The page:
The poker chips on the tables at Feinstein’s at the Regency this month are a souvenir token of Vegas’ glory days, when the lounge acts romped, rocked and rolled to entice and energize tourists and gamblers to fever pitch. The most successful act of its time was the legendary Louis Prima and his then-wife Keely Smith, who performed with Sam Butera and the Witnesses. The still big-selling Prima-Smith sessions recorded then remain a vital and telling souvenir of the period.
Keely Smith is back at Feinstein’s. Her previous stands paid tribute to the big band glory of Count Basie and offered a nostalgic toast to Frank Sinatra. This spring it’s “Vegas ’58,” a wailin’ recall of Prima and the infectious rhythmic sound they generated.
From “Jump, Jive and Wail” and “Angelina” to “Just a Gigolo” and “Up a Lazy River,” Smith re-creates the infectiously punchy tempo that defined the action at the Sahara Lounge.
Now 76, Smith retains a strong, warm and mellow voice. When she slows the pace for the ballads, there’s nothing quite so caressing as “Sweet and Lovely,” Vincent Youmans’ “More Than You Know” and “Don’t Take Your Love From Me.”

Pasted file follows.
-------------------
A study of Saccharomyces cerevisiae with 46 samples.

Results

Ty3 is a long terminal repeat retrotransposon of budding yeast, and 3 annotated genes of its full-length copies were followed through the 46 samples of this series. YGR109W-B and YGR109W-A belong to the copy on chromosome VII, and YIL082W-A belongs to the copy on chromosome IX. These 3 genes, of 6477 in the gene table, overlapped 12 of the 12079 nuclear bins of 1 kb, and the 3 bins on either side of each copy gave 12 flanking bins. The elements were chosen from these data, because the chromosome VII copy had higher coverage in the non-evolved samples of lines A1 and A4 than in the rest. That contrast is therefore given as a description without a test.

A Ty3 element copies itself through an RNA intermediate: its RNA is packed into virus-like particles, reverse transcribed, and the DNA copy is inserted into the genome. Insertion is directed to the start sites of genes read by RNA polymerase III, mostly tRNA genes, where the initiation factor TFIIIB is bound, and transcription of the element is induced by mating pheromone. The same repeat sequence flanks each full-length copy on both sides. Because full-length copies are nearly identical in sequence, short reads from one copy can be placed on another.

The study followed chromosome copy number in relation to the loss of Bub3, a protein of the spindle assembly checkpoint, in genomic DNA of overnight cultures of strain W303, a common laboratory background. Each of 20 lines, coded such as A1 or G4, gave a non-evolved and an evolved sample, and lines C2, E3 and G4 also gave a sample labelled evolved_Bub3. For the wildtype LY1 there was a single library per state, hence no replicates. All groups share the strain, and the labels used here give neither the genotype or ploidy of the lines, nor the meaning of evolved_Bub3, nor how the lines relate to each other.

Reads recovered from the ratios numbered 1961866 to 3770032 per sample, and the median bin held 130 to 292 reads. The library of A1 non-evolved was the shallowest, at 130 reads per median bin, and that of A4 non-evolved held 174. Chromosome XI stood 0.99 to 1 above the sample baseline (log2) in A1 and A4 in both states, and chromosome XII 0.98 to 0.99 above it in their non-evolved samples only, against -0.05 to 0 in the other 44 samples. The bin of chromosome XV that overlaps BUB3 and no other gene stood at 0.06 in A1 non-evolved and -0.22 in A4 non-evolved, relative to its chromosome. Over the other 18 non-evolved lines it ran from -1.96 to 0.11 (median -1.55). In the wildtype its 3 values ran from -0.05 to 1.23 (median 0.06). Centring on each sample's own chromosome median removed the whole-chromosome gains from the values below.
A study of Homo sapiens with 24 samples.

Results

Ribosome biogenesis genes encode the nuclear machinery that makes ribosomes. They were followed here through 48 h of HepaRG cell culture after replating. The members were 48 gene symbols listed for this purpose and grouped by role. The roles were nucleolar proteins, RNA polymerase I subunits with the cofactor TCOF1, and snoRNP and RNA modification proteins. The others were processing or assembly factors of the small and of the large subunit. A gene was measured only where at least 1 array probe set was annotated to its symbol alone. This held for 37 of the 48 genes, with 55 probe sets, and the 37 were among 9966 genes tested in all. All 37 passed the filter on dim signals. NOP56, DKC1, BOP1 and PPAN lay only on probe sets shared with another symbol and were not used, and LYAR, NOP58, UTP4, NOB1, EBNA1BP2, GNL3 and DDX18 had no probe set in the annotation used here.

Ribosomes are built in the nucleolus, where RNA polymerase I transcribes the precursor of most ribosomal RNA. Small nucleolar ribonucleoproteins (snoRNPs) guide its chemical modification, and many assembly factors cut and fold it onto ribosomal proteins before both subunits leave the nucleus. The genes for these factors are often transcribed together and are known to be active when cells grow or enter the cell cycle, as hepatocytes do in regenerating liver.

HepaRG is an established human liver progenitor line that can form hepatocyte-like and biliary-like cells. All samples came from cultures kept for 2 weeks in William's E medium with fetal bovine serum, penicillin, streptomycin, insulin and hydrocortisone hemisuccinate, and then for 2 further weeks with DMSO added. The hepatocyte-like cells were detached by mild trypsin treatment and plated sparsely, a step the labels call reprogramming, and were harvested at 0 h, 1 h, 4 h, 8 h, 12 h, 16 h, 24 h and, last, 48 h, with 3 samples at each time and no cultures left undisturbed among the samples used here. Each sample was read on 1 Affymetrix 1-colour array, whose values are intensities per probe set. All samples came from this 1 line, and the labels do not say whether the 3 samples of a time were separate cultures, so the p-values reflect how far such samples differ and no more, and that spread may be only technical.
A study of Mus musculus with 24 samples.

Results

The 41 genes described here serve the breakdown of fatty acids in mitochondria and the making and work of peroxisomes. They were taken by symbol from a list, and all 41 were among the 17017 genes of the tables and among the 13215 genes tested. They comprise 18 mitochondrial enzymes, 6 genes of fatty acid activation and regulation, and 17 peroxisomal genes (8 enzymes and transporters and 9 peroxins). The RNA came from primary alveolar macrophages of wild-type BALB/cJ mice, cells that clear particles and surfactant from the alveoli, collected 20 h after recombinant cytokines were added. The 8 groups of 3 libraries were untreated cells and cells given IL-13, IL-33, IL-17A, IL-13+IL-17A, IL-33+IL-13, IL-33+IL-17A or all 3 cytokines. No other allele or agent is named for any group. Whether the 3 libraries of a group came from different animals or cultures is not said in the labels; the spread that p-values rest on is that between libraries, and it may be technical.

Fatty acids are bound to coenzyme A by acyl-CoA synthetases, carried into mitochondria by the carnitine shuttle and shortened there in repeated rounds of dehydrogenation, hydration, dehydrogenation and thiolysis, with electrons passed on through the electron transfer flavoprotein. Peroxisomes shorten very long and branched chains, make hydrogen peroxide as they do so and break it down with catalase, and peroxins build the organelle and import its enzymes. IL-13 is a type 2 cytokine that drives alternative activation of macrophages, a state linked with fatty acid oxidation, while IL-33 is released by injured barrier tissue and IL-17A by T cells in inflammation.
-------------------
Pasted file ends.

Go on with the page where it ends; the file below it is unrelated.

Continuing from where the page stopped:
The old Doris Day movie tune “It’s Magic,” penned by Sammy Cahn and Jule Styne, also became a Smith trademark ballad, and her lyrical prestidigitation still weaves a spell.
Smith, whose caricature graces the music stands as in the old big band days, is backed by 10 crack musicians under the direction of Dennis Michaels.
Joe Cocuzzo, Rosemary Clooney’s favorite drummer and a vet of the great Woody Herman band, is a force of nature. He drives the band like a gathering storm. Jerry Vivino fills the old Butera chair with his lusty tenor sax interludes. His gritty solo for “Basin Street Blues” fuels Smith’s New Orleans take.
The swinging arrangements are by Michaels, and from the trunk there are a few choice charts by Billy May and Riddle.
Smith, who adds some witty observations along the way, nixed an offer to make a pic of Prima’s life and times when pint-sized Danny DeVito requested to play the lead. Noting that Prima was six feet tall, she asked, “Who would play me? Dr. Ruth?”